Over the past eight years, strong mileage and emissions rules have improved auto efficiency by 5 miles per gallon, saving Americans money even after the cost of gas-saving technology is factored into car prices. Under the rules, the United States also has cut oil use and reduced global-warming pollution.
Despite its fearful warnings that the standards would cost autoworkers’ jobs, the auto industry has added nearly 700,000 positions during this period, according to the U.S. Bureau of Labor Statistics.
Now, taking advantage of technology, we need to strengthen the standards to protect consumers and the climate.
A report issued last month by the Environmental Protection Agency and the National Highway Traffic Safety Administration documents two crucial facts about the program, which is central to the Obama administration’s effort against climate change: The government’s cost estimates are on target — or may even have been too high — and there is ample technology on automakers’ shelves to meet the anti-pollution standards and go beyond them.
But automakers have declared war on the rules. Their aggressive sales of pickups and SUVs forced the government to weaken its projection that the 2025 new-car fleet would average 54.5 mpg. The report says the fleet is now expected to average 50 mpg to 52.6 mpg.
The automakers whine that, with low gasoline prices, they aren't selling as many efficient vehicles as they must. But if they really wanted to sell efficient cars, they wouldn’t be spending a Suburban-sized share of their marketing budget — which totals an estimated $15 billion annually — pushing Americans into gas-guzzling trucks. And they wouldn’t be trying to weaken the rules.
The industry complains that making a fleet of efficient vehicles is too difficult and expensive. But the government report shows that gas-saving technology may even be $250 cheaper than the administration projected in 2012, when it negotiated the rules with automakers, and additional cost-effective technologies have come on line since then. At the time, the administration did not expect the significant gas and pollution savings that already are being delivered by continuously variable transmissions, cylinder deactivation, wider use of hybrid systems and advanced Atkinson cycle engines.
Of the two agencies that studied the program, EPA did the more thorough analysis, and it undercuts the auto industry’s cost arguments. It reflects careful technical assessments by its own experts, augmented by more than a dozen engineers hired from industry.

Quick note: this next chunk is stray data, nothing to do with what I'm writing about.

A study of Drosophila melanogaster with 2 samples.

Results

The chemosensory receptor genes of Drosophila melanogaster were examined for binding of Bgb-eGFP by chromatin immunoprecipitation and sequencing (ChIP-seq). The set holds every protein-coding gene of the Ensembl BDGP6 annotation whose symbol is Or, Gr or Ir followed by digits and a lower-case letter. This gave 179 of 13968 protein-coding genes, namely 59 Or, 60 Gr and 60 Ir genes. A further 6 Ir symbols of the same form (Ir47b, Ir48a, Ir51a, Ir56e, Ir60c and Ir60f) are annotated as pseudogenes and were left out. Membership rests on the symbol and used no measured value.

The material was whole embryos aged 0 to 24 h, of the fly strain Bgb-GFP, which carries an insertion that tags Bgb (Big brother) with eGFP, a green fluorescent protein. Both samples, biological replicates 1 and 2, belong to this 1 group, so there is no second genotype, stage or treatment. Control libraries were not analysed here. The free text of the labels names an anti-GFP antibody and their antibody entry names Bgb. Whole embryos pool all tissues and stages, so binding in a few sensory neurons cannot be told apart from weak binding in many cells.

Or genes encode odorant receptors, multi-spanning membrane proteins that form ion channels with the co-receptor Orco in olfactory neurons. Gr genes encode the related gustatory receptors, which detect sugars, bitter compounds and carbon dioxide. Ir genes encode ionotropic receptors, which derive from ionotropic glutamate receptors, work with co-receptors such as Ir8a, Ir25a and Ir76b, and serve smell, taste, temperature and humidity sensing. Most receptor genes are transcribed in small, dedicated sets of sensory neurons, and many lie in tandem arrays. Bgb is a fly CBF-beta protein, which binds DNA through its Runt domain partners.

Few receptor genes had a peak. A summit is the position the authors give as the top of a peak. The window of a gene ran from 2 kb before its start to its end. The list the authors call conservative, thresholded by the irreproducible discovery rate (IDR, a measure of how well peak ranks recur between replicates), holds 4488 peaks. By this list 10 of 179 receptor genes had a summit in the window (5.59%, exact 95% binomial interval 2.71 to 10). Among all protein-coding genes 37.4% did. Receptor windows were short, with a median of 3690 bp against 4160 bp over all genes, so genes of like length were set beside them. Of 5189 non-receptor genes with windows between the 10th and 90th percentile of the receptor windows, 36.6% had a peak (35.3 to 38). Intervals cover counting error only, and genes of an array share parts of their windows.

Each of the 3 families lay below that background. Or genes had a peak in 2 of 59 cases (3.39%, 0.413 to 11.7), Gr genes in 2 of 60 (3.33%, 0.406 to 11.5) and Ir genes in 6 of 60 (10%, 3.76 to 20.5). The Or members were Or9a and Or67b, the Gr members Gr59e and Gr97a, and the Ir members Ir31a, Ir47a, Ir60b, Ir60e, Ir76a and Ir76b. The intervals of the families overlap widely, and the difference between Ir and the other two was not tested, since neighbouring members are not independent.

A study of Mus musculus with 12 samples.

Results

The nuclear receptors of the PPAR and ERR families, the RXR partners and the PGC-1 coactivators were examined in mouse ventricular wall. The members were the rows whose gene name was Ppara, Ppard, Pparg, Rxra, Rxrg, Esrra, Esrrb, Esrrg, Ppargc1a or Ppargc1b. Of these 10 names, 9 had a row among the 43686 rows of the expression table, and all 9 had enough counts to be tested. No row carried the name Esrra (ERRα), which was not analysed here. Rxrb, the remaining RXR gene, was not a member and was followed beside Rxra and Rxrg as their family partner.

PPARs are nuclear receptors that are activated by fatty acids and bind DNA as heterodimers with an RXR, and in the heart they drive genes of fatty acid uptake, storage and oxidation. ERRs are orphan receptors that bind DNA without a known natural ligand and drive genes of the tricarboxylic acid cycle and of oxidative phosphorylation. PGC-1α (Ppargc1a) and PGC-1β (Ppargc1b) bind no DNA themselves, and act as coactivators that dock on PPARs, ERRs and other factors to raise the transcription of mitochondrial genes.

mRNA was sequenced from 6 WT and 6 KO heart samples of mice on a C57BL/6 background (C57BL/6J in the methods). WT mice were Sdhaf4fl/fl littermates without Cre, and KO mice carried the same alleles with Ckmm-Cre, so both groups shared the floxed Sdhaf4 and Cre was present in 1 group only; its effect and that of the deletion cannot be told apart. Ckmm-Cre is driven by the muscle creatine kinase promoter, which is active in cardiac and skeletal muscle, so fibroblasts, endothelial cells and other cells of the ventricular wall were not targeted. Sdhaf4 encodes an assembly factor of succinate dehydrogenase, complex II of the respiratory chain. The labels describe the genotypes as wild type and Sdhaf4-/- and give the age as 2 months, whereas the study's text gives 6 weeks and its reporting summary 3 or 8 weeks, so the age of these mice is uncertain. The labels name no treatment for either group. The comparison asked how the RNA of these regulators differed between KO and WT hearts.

The EPA’s work included so-called “teardown” studies, which allowed the agency to analyze technology costs independent of automaker claims, and updated studies of efficient engines and transmissions.
It’s no surprise that auto companies are trying to apply the brakes to needed, achievable progress. When the industry signed onto the program, auto executives insisted on the review. And, even as they stood at President Barack Obama’s side when he unveiled the rules, they privately called the mid-point assessment their “off-ramp” from the standards.
For more than two decades, automakers fended off tougher rules. They relaxed their opposition only when California set its own standards.
Mr. Obama’s program is the biggest single step any nation has taken to fight global warming. Based on the plethora of low-cost, gas-saving technologies, there is no excuse not to improve efficiency by strengthening the standards. We can’t accept backsliding or loopholes that undermine their success just to put more trucks on the road.
Automakers have paid a terrible price for preventing progress. The industry is making the same mistakes that led it into dire straits just eight years ago, when taxpayers had to lend $85 billion to General Motors and Chrysler to keep them out of bankruptcy. By relying too heavily on sales of massive gas-guzzlers, the industry will lose money and jobs again when gas prices rise or tastes change, as they inevitably will.
Cutting pollution isn’t rocket science. It’s auto mechanics. If the administration strengthens the rules, Americans will keep money in their wallets, pollution out of the atmosphere and oil in the ground.
Dan Becker directs and James Gerstenzang is editorial director for the Safe Climate Campaign.